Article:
During her testimony on Wednesday afternoon, Britney Spears alleged that her conservatorship extends to her body, and that the people who control her affairs refuse to allow her to remove her IUD..
“I have an IUD in my body right now that won’t let me have a baby and my conservators won’t let me go to the doctor to take it out,” Spears said. “I want to be able to get married and have a baby.”
While the revelation was buried pretty deep in Spears’ testimony, experts were quick to react: Controlling a person’s reproductive ability is an unfortunately common and unambiguous form of abuse. As Planned Parenthood president Alexis McGill Johnson and others in the reproductive health space have pointed out on Twitter, the control Spears alleges her conservators are exercising is more broadly known as “reproductive coercion.”
Most definitions of reproductive coercion focus on it as a facet of intimate partner violence; the American College of Obstetricians and Gynecologists explains it as “behavior intended to maintain power and control in a relationship related to reproductive health by someone who is, was, or wishes to be involved in an intimate or dating relationship with an adult or adolescent.” But reproductive coercion can take many forms: It can look like anything from poking holes in condoms and forced hysterectomies to forcing someone to stay on birth control, against their choice or will.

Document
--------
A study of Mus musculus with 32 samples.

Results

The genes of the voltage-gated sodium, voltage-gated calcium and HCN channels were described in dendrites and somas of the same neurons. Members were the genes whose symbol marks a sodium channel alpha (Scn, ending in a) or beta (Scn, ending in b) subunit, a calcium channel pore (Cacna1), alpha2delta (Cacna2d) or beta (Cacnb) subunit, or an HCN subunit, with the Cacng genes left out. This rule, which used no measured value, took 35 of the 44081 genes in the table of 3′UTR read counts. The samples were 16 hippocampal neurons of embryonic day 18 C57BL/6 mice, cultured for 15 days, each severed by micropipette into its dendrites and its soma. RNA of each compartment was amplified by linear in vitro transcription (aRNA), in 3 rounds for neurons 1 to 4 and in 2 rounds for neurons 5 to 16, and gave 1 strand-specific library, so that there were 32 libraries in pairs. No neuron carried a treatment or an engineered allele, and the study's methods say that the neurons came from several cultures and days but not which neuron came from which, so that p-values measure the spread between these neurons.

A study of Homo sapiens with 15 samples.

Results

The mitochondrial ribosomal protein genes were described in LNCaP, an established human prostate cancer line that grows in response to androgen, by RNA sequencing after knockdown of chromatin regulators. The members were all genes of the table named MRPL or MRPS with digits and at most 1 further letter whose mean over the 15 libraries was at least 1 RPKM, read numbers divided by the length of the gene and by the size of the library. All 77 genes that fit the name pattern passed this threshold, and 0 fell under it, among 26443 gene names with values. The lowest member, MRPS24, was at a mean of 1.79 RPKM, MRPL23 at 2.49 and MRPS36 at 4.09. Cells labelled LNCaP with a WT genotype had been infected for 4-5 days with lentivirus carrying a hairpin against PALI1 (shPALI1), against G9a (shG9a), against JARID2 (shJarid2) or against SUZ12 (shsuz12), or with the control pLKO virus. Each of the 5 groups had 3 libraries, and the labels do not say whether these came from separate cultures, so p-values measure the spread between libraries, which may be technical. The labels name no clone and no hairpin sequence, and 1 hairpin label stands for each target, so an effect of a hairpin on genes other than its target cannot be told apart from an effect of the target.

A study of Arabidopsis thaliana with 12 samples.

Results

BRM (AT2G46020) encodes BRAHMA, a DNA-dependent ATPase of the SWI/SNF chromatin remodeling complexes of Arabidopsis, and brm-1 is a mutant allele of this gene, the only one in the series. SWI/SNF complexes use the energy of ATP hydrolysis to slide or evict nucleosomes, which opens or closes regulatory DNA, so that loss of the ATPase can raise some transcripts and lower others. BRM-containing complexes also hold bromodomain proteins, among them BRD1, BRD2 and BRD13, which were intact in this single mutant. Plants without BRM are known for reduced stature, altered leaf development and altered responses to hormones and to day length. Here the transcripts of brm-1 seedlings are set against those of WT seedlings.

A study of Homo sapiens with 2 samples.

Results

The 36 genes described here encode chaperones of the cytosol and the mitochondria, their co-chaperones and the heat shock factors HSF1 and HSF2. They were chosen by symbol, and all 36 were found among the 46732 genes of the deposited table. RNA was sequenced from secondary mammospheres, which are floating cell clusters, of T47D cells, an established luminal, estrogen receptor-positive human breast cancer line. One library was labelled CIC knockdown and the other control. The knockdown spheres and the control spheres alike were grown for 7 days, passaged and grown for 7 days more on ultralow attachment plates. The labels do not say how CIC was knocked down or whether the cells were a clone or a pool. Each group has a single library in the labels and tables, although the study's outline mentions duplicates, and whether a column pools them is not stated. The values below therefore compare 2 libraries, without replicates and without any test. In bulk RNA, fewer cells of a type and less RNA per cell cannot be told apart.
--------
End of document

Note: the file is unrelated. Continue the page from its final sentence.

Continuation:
While Spears’s conservators may not be her intimate partners, if the situation is as Spears represented it in her testimony, her conservators would be eliminating her chances of getting pregnant of her own volition and exercising power and control over her reproductive health. Or, as the Guttmacher Institute, a research and policy organization that focuses on sexual and reproductive health, put it on Twitter: “Forcing someone to be on birth control against their will is a violation of basic human rights and bodily autonomy. Reproductive coercion is reprehensible, no matter what form it takes.”